By Bishop Pat Power
This article was first published on CathBlog, a daily service of CathNews.
Planning a two week holiday in Italy, I had overlooked the fact that October 11 would mark the 50th anniversary of the opening of the Second Vatican Council.
So on that day I travelled by train from Spoleto in Umbria to Rome for the historic occasion which was marked by a Mass celebrated in St Peter’s Square by Pope Benedict XVI with hundreds of bishops, many of whom were present in Rome for the Synod of Bishops. Australia was represented by Archbishop Denis Hart, President of the Australian Catholic Bishops Conference, and Cardinal George Pell, Archbishop Timothy Costelloe of Perth, and Bishop Christopher Prowse of Sale. They were all participating in the Synod.
The only clerical attire I had was a blue clerical shirt, so I did not concelebrate, but happily sat among the People of God for the celebration of the Mass. Archbishop Denis Hart had kindly arranged a ticket for me.
A week earlier, I had prayed at the tomb of Pope John XXIII in St Peter’s Basilica and was moved to tears as I contemplated the great contribution he and the Second Vatican Council had made to the life of the Church and its impact on the contemporary world.
Prior to the Mass, I had a chance meeting with Australian, Devett O’Brien, Secretary General of the International Young Christian Students movement. That meeting reminded me of the influence on Vatican II of Joseph Cardijn, founder of the Young Christian Workers. The YCW method of See, Judge and Act is very much in harmony with John XXIII’s call for us all to “read the signs of the times”.
Pope Benedict used the 50th anniversary of Vatican II as the occasion for the inauguration of the Year of Faith. During his homily he called for a renewed study of the Council documents to better understand Vatican II’s significance for today.
Present at the Mass, and given prominence close to the Pope, were the Archbishop of Canterbury, Rowan Williams, and the Orthodox Patriarch of Constantinople, Bartholomew I.
The previous day, Archbishop Rowan Williams, a few months prior to his retirement, became the first Archbishop of Canterbury to address a Synod of Bishops in Rome. In a major speech, he spoke of Vatican II’s crucial impact on the ecumenical movement and of the opportunity it gave to the Church to bring the message of Christ to the contemporary world in a way which made sense to believers and unbelievers alike.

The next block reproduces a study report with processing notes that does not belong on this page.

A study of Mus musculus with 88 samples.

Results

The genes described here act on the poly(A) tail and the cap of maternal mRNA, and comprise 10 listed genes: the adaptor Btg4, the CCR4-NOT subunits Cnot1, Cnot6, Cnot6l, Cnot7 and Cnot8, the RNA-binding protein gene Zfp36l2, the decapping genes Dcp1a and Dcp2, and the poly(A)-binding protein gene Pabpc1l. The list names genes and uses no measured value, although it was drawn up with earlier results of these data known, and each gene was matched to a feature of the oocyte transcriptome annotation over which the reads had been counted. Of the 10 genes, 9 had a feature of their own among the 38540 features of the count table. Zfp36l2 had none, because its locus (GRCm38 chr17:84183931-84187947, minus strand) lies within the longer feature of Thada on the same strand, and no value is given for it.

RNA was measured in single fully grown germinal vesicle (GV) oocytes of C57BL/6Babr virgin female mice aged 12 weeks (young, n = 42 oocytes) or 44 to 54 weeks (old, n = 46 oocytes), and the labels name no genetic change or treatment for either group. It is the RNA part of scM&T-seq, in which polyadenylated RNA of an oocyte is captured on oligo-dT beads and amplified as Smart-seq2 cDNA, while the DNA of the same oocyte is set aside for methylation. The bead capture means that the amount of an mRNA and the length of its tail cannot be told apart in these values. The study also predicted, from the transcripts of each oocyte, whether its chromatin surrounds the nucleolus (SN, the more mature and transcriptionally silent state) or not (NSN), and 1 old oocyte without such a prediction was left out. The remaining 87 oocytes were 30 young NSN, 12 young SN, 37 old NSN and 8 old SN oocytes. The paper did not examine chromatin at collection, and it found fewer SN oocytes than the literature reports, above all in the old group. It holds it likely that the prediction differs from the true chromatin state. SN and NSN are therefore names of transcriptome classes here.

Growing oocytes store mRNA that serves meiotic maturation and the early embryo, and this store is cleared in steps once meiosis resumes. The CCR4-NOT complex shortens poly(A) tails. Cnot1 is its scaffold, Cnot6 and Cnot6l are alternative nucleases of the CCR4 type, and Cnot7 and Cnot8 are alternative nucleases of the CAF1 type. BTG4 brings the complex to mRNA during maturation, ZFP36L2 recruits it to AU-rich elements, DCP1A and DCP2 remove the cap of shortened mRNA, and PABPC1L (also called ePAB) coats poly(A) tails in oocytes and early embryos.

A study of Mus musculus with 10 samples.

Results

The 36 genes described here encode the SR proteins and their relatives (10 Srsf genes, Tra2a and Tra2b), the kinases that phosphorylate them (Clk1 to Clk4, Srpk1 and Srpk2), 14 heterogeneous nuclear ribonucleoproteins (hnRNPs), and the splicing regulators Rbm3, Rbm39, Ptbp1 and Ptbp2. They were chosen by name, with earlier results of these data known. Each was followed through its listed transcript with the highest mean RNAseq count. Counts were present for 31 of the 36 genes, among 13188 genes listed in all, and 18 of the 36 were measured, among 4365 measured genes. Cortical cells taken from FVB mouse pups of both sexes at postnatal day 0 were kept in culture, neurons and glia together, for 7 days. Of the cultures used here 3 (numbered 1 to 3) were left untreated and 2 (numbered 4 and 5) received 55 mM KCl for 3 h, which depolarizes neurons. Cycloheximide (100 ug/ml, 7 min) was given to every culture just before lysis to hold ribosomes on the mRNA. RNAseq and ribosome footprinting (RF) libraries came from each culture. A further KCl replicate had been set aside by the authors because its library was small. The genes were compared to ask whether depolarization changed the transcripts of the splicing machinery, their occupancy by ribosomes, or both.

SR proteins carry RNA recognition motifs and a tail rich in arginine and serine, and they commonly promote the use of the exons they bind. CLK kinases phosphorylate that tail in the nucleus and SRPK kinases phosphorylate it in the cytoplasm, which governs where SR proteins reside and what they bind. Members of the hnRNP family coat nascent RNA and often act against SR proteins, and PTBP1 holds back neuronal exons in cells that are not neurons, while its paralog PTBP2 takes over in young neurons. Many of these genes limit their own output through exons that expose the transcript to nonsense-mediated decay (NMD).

Today especially we cannot forget that great gathering which did so much for the health of the Church and helped the Church to recover so much of the energy needed to proclaim the Good News of Jesus Christ effectively in our age.
At the end of the Mass, Patriarch Bartholomew, speaking in fluent Italian, reflected in detail on the Vatican Council’s impact on the life of the Church and of the world.
On the train trip from Spoleto to Rome and back, I read from the newly published book – Speaking to the Heart – which contains some of the reflected wisdom of recently deceased Cardinal Carlo Maria Martini.
Although not treating Vatican II directly, the book is taken from a series in which the Cardinal is writing in an Italian secular newspaper addressing the questions posed by the readers. They are touching examples of Vatican II’s plea for the Church to be in conversation with today’s world with all its complex questions.
During the Mass, I was conscious of the parts played at the Council by Australian bishops – Thomas Cahill, Guilford Young, Francis Rush and others – and what they did subsequently to help implement Vatican II as part of the life of the Church in Australia.
I recalled, too, Kevin Barry-Cotter, at that time a student priest in Rome, and many others who had witnessed the historic events of 11 October 1962. Kevin is in the course of writing for the Canberra-Goulburn archdiocesan newspaper Catholic Voice a series of personal reflections on those momentous happenings. A young Wagga priest, Francis Carroll, was also absorbed in it all.
As I left Rome, I felt privileged to have experienced an historic moment of grace on 11 October 2012 and I had hope in my heart for a new flowering of Vatican II which would more clearly enable the Church to show its best self in witnessing to the love of God and showing the face of Jesus to a world hungering for meaning.